As alumni and students of Calvin College we share an educational background with Betsy DeVos, the current nominee for United States Secretary of Education. Not only did we all receive degrees from the same undergraduate institution as Mrs. DeVos, but many of us also began our education at private Christian schools, just like the current Education nominee. We have no doubt that Mrs. DeVos is among the best-educated college graduates in the country. Calvin College is highly regarded as an institution that values intellectualism, critical thinking, discernment, and academic excellence—qualities for which we remain very grateful.
We are writing to share our concerns about Mrs. DeVos as nominee for Secretary of Education. This is why we believe she is not qualified for the position:
1) While many of us were inspired by our time at Calvin College to make education a professional commitment, Mrs. DeVos was not. She has never worked in any educational institution as an administrator, nor as an educator. If the position of the Secretary of Education requires the individual to have an intimate knowledge of the tools used by educators, which we believe it does, Mrs. DeVos does not qualify.
2) Many of us entered Calvin College directly from Christian high schools and spent our entire elementary and secondary school years in these institutions, as did Mrs. DeVos. While we appreciate the opportunity to thrive and learn, as provided by these educational systems, we recognize that the vast majority of K–12 students are educated in the public school system. Because of this, we believe that any individual who is nominated to be Secretary of Education should have a strong commitment to public education, which Mrs. DeVos does not.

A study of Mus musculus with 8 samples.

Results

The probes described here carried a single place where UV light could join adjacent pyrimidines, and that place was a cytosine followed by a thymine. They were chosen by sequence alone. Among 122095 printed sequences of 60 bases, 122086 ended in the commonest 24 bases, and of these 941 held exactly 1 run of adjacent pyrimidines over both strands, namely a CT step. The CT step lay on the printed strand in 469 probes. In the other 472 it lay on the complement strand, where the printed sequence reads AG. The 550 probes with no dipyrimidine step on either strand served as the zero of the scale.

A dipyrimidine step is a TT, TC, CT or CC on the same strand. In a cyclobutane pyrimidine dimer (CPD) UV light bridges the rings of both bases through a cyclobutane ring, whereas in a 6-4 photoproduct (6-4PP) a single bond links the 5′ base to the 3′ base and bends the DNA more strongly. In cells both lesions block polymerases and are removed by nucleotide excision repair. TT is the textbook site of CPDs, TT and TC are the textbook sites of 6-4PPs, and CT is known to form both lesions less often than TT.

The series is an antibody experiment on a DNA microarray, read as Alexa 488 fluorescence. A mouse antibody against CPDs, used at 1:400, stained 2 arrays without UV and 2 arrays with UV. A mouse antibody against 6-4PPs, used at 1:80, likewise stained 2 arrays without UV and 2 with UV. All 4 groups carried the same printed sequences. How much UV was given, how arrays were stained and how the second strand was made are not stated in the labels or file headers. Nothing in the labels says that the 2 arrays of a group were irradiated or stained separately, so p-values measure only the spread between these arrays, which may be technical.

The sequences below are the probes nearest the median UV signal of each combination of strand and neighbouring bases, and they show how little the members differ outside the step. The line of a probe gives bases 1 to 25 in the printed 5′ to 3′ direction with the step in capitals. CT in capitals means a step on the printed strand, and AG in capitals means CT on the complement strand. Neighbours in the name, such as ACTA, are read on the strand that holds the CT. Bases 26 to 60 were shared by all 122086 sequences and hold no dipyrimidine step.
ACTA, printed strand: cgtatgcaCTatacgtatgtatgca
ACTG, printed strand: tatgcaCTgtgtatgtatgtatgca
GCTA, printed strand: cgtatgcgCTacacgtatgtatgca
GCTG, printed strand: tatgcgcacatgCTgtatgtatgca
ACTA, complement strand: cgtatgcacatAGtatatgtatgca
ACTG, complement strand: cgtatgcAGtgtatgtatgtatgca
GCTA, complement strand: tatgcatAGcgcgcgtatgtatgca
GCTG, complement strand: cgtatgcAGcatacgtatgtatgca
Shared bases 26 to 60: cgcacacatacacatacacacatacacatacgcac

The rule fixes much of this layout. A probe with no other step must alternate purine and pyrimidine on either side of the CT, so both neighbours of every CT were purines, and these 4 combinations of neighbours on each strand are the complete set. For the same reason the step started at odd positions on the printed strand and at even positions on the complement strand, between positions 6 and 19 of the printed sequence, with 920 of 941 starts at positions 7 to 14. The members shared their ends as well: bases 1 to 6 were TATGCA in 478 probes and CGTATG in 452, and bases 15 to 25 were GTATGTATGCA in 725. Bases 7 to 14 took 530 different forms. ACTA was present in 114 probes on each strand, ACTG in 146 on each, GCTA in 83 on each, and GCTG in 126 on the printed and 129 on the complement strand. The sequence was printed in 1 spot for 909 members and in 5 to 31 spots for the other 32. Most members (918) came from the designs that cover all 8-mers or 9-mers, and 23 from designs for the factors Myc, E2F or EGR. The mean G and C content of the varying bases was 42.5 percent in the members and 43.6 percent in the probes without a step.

3) We believe that Mrs. DeVos’ commitment to education is limited to her advocacy of, and financial contributions to, religious and charter schools. Having the financial resources to promote one’s ideological point of view, and endorse elected officials who share that ideology, is not equivalent to the preparation that comes from being an educator or educational administrator.
4) Finally, in the first day of her confirmation hearing, Mrs. DeVos indicated a lack of support for federal policies regarding educational systems that receive public funding. This lack of support is especially concerning given that the Individuals with Disabilities Education Act and Title IX, which ensure that all students’ educational experiences are free of discrimination that impedes learning, are not of value to Mrs. DeVos.
Our undergraduate education prepared us to be engaged and informed citizens who support public servants who seek to serve effectively and competently. This is precisely why we oppose the nomination of our fellow alumna, Betsy DeVos, for the position of United States Secretary of Education.